Legitimate interests of a controller

"Legitimate interests" is a sensible concept. It means that when you look at the overall needs and rights of data controller and data subject, there will be times where you don’t need to ask for consent to collect, store, use, disclose, process, destroy or otherwise “process” personal information.

For example, during an online purchase you have to provide contact, payment and address information, and the seller will have to record your transaction. It would be unnecessarily obstructive, annoying and off-putting for the seller to have to explain this and to obtain a record that the purchaser understood and agreed to this data collection and use. Of course there may be an option to use third-party payment services, sign up for an account, save details, sign up to marketing and more. But some basic information is necessary to fulfil a transaction, and is both “legitimate”, expected and should not be obstructed by a consent statement.

Within the GDPR text one single phrase has vexed me for months:

The processing of personal data for direct marketing purposes may be regarded as carried out for a legitimate interest

It’s vexing because it is the last sentence in an otherwise well-defined section. And that’s where it ends; the teaser at the end of the credits. It’s vexing because it’s easy to ignore the rest of the GDPR recitals and articles and read that sentence as “you don’t need consent for email marketing because it’s a legitimate interest”.

But if you think that you're reading this the wrong way round. Let me explain:

You have a collection of signup process for your marketing program. Through those processes you have contact details and other data provided by your customers and prospects which you use to generate or populate that marketing. Through those processes you can demonstrate clear and specific consent. Now let’s read that previously-vexing sentence again from this starting point:

The processing of personal data for direct marketing purposes may be regarded as carried out for a legitimate interest

How I read this is (annotated by me):

The [collection and use] of personal data [such as email address, name, interests and preferences] for direct marketing purposes may be regarded as [being] carried out [under the consent you’ve already obtained for marketing]

e-Privacy trumps data protection

What this statement is doing is actually reiterating that there are higher permission standards for digital marketing.

If you have data legitimately collected for direct marketing you must already have fulfilled the higher standards set by the e-Privacy directive (and PECR in the UK); so of course you can process that data for direct marketing.

It's not saying that legitimate interests is a basis for direct marketing activities without consent.


This is really interesting, I've been researching the same thing. As PECR does not cover postal marketing, does that mean that I can collect personal data for DM without consent? 

Thanks, Mike

Hi Steve, great article. 

I generally think you got to the right place but I am not convinced by how you got there.
 
The phrase "The processing of personal data for direct marketing purposes may be regarded as carried out for a legitimate interest" is not vexing at all. In fact, it is remarkably clear for European legislative language. Direct marketing is a legitimate interest and there for does not need an opt-in - full stop, crystal clear. If GDPR was the only law of the land then we would be back to the wild west days of opt-out email rather than the current opt-in regime. GDPR however, is not the only European law or regulation that covers the email marketing industry. The EU e-Privacy Directive was written to sit on top of the old Data Protection Directive and it sets a higher standard for direct marketing via email and SMS. While the current e-Privacy directive does not sit well on the new GDPR, it's fundamental principles have not changed and therefor email is still opt-in. Throughout the spring, there was a public consultation on the e-Privacy Directive with a view to adapt it based on technological advancements, support the Digital Single Market Strategy and bring it into line with the GDPR. Those responding to the consultation overwhelmingly feel that special privacy rules are needed for the electronic sector and that the current language has not achieved its objective. I suspect that the e-Privacy Directive will be rewritten and most likely get upgraded from a directive to a regulation.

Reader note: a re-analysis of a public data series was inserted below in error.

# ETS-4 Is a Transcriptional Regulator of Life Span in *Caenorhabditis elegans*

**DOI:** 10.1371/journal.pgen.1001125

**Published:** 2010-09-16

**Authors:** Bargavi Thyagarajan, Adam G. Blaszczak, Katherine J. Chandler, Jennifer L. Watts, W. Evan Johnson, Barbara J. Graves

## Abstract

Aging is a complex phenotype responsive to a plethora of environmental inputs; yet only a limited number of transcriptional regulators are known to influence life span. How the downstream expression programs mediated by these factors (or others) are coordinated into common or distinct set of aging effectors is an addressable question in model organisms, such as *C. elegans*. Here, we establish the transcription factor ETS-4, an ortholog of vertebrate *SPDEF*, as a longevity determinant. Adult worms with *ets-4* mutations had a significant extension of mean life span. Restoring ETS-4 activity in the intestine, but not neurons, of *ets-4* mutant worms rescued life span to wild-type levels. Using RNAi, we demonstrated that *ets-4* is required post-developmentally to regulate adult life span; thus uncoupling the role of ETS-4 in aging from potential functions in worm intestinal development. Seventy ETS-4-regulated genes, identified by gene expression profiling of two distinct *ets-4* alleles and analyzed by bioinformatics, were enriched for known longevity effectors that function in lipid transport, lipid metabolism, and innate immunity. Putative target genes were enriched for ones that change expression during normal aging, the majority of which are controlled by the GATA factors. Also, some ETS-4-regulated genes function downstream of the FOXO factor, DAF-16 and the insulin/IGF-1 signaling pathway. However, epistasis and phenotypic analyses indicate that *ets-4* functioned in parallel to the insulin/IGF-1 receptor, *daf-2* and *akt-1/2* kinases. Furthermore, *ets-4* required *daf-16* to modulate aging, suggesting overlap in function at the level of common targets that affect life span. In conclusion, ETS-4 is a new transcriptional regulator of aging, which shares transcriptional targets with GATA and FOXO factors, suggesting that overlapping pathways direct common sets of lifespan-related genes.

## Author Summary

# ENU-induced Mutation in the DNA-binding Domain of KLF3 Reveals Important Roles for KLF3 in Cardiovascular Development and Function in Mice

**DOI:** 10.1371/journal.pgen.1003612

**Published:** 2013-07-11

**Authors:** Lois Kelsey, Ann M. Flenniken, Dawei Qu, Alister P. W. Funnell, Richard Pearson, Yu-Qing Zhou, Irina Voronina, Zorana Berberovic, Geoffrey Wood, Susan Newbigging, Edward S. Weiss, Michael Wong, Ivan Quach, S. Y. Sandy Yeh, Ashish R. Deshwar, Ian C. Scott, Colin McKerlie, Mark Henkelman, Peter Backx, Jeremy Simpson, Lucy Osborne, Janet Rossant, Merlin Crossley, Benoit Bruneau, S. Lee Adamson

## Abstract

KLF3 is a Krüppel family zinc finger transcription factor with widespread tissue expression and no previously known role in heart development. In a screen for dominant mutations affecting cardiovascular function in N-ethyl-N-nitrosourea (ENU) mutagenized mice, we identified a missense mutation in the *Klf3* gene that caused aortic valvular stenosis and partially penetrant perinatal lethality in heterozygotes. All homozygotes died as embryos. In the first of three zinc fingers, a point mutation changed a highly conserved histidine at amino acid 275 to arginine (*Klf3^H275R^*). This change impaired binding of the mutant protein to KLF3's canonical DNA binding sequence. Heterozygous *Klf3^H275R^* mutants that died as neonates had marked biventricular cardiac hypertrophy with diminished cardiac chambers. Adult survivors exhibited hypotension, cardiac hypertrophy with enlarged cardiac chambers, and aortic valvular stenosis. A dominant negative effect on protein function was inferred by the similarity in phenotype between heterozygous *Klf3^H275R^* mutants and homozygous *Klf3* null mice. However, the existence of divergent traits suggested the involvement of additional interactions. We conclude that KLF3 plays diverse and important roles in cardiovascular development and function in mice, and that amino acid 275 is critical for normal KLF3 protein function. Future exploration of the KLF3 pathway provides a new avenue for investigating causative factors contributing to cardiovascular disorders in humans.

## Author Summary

In essence, your argument presupposes that the e-Privacy Directive exists and therefor it would not be possible under GDPR to legitimately collect email without an opt-in. While that is true, should the e-Privacy Directive go away, then GDPR would not enforce an opt-in. Put another way sending an email in the UK without an opt-in would not contravene GDPR but would contravene PECR. The only way GDPR would come into play is if an enterprising enforcement person at the ICO wanted to levy a significantly higher fine.

Hi Mike - Simple answer: no.

Remember that the GDPR covers data collection, storage and use; how that data is protected while in your control; how data subjects control the quality, use, disclosure and destruction of that data.

You need a legal basis for collecting, storing and using personal data. Full stop!

Think of web browsing and purchase data, linked to an individual:

If you record page and product views, the device used and the location of the browsing; and you build up a profile based on this location and behaviour and it’s linked to an individual – this is a common scenario convered by the GDPR.

If you have marketing consent, that marketing consent may already cover that behavioural profiling:

The question to ask is: If you don’t have marketing consent what is your justification (the legitimate interest that you can prove) for collecting and processing personal data?